Chronic conditions: students share stories


Anna Marquardt, co-features editor

The first time senior Kaylee Calito noticed a migraine symptom, she was sitting at her freshmen assembly in 2019. She began feeling dizzy, and the entire left side of her body went numb. The trip to the Nurse’s Office kicked off what would become over two weeks of absences in the beginning of her freshman year, and a journey to learn how to navigate her newly apparent condition, chronic migraine with aura. 

Chronic conditions and illnesses, defined as conditions that affect someone for a year or more, are experienced by over 40 percent of school-aged children, The Centers for Disease Control reports. These conditions, of which there are countless that affect each organ system, can drastically alter a person’s established routine, Calito explained. 

“I had to completely change the way that I live my life,” Calito said. “I [can’t] go to parties, I [have] to limit my screen time, [and] I [have] to be careful what foods I eat.”

Dr. Jennifer Rubin, Pediatric Neurologist for Ann & Robert H. Lurie Children’s Hospital of Chicago, explained that a migraine is far more severe than a typical headache. 

“About 25 percent of kids will seek medical attention for headaches, and by adolescence, 50 percent of people have experienced a headache,” Rubin said. “They’re very common, but migraines are a more severe type of headache, where you look sick, feel sick, can have nausea and vomiting, light sensitivity, [and] sound sensitivity, [all of which can] interfere with activities.”

Calito described that she experiences at least 15 migraines per month, which is why her condition is considered chronic. Calito’s condition has caused her to have an increased sensitivity to light, sound, certain foods, smell, and feeling, triggering the excruciating head pain that she experiences regularly along with her aura, which causes spots to appear in her vision, she explained.  

“You can imagine a headache as a paper cut and a migraine as stabbing with a knife,” Calito said. “A paper cut has less consequences or side effects, whereas a wound [from a knife requires] a lot more healing.”

For the past three years, senior Ariana Raghian has experienced perpetual dizziness as a result of her chronic vertigo. Since this has begun, she has also developed a nystagmus, which causes involuntary shaking of the eyes. Her conditions, she explained, make reading, looking at screens, walking, and sleeping more difficult. However, she has not let these conditions interfere with her favorite activities, such as running and art, despite the added challenges that may arise. 

“At some point [I decided that] I [wanted] to still live my life [but] not [make] every single living moment [about my condition],” Raghian said. “I had to find that balance.”

Rubin explained that chronic conditions usually occur in one of three ways: people may have been born with their condition, their condition emerged after trauma or injury, or their condition appeared spontaneously, without explanation. In any of the three ways, Rubin emphasized, chronic conditions can be difficult to manage and can potentially pose challenges to normal adolescent development.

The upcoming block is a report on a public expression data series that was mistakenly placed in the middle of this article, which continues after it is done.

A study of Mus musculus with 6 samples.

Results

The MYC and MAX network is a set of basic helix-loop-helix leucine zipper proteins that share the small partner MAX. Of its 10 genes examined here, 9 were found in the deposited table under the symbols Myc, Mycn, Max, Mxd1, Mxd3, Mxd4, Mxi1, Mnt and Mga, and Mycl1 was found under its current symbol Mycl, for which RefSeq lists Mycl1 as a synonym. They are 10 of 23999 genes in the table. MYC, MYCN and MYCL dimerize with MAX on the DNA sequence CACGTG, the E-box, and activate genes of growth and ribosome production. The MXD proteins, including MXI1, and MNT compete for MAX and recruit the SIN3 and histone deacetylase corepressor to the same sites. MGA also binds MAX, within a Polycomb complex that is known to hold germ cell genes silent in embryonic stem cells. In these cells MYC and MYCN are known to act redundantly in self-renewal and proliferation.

“In general, being a teenager is tough,” Rubin said. “There [are] a lot of social and emotional changes and a lot of demands at school. So anytime you have a chronic condition on top of that, it can be challenging.”

Head Nurse Julie Shellard revealed that nearly 30 percent of students at South have a chronic condition. She explained that the school offers several accommodations to ease the difficulty of dealing with a chronic condition. 

“Some students have what’s called a medical 504 Plan [and] we also offer something called the Nurse’s Office Pass,” Shellard said. “[The accommodations] level the playing field for students that might be struggling with a medical condition so that they can be achieving and performing [academically]  in a way that is commensurate with their peers.”

Dr. Jason Canel, Pediatric Specialist for NorthShore University HealthSystem, expressed the importance that these accommodations have in helping students be successful in academics, but also highlighted the significance that compassion and understanding from peers can have in easing the social discomfort in dealing with a chronic condition. 

“I try to encourage the person with [a] chronic illness to trust their friends and include them in their issues and troubles,” Canel said. “I [also] encourage [students] that have friends who have chronic illnesses to treat that person not as [someone] with [a] chronic illness, [but] as a person.”

Sophomore Isi Agustin was diagnosed with Juvenile Idiopathic Arthritis, a condition that causes joint swelling and pain, in May of 2021. Agustin encourages conversation surrounding chronic conditions, but asks that those inquiring remain respectful and mindful of the potential sensitivity of the topic.

“[When talking to] people with chronic conditions, [peers can] ask [about their condition], but [because they] want to learn, rather than pry,” Agustin said. 

Raghian emphasized that chronic conditions affect everyone differently, and it’s important not to assume anything about someone else’s experience. 

“Not all conditions are visible, and everyone’s normal is different,” Raghian said.